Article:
In Wake of N.C. Chrom-6 Scandal, EWG, Brockovich Call for Action by EPA
WASHINGTON – As news about North Carolina’s governor and his administration downplaying the risks of drinking water contaminated with hexavalent chromium unfolds, two leading environmental health advocates are pushing the Obama administration to finally set a nationwide standard for the highly toxic chemical.
Erin Brockovich, a noted environmental health advocate, and EWG President Ken Cook called on the Environmental Protection Agency to stop dragging its feet and move quickly to set a tough national standard, known as a Maximum Contaminant Level, or MCL, for the ubiquitous carcinogen found in millions of Americans’ tap water.
In a joint letter to EPA Administrator Gina McCarthy, Brockovich and Cook wrote:
We write with deep concern about this continued delay. It is clear that the delay is sowing confusion among state and local regulators, utilities and the public about how much hexavalent chromium is safe in drinking water. This confusion is resulting in many Americans’ exposure to unregulated levels of hexavalent chromium that federal, state and independent scientists agree pose health hazards.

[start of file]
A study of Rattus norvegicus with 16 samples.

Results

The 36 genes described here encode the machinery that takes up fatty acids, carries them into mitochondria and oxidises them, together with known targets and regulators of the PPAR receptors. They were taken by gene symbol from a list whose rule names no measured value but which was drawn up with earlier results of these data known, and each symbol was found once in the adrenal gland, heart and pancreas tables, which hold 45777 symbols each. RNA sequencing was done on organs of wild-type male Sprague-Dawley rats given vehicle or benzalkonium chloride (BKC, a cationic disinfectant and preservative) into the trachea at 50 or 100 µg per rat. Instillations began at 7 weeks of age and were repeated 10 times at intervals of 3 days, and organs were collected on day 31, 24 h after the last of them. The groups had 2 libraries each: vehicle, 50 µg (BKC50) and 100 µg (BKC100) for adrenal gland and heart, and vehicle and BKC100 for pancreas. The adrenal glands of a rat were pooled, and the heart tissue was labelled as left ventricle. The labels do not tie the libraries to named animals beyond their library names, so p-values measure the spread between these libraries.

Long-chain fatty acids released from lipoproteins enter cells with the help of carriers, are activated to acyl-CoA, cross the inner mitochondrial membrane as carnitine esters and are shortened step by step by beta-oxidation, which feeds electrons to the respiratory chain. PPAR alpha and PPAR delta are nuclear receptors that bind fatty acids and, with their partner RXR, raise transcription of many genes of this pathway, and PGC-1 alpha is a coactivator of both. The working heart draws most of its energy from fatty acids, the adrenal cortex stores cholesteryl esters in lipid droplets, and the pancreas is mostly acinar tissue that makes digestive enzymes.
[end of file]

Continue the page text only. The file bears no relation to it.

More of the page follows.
The request comes as a top state health official in North Carolina resigned in protest over meddling by Gov. Pat McCrory and his staff. McCrory sought to retract “do-not-drink” warnings directed at some residents whose tap water comes from wells likely tainted by hexavalent chromium from nearby Duke Energy coal-burning facilities.
The situation in North Carolina is, in part, a result of the absence of a stringent nationwide health-protective EPA standard, argued Brockovich and Cook:
States like North Carolina, where industrial byproducts like coal ash increase the risk of hexavalent chromium contamination, need a federal mandate to set strong, health-protective standards for levels of the contaminant in drinking water. Without it, states will continue to use inconsistent and potentially unsafe guidelines, and leave citizens confused about whether their drinking water is safe.
A report issued by EWG back in December 2010 found hexavalent chromium in tap water from 31 of 35 American cities.
“It’s high time EPA put in place a stringent national standard to protect Americans from drinking water contaminated with hexavalent chromium,” said Cook in a separate statement. “A lack of a federal standard, and the ongoing delay in setting one, are confusing utilities, states and citizens about what level of hexavalent chromium in drinking water is safe. Until EPA acts, we will likely continue to see the situation happening in North Carolina unfold in other states.”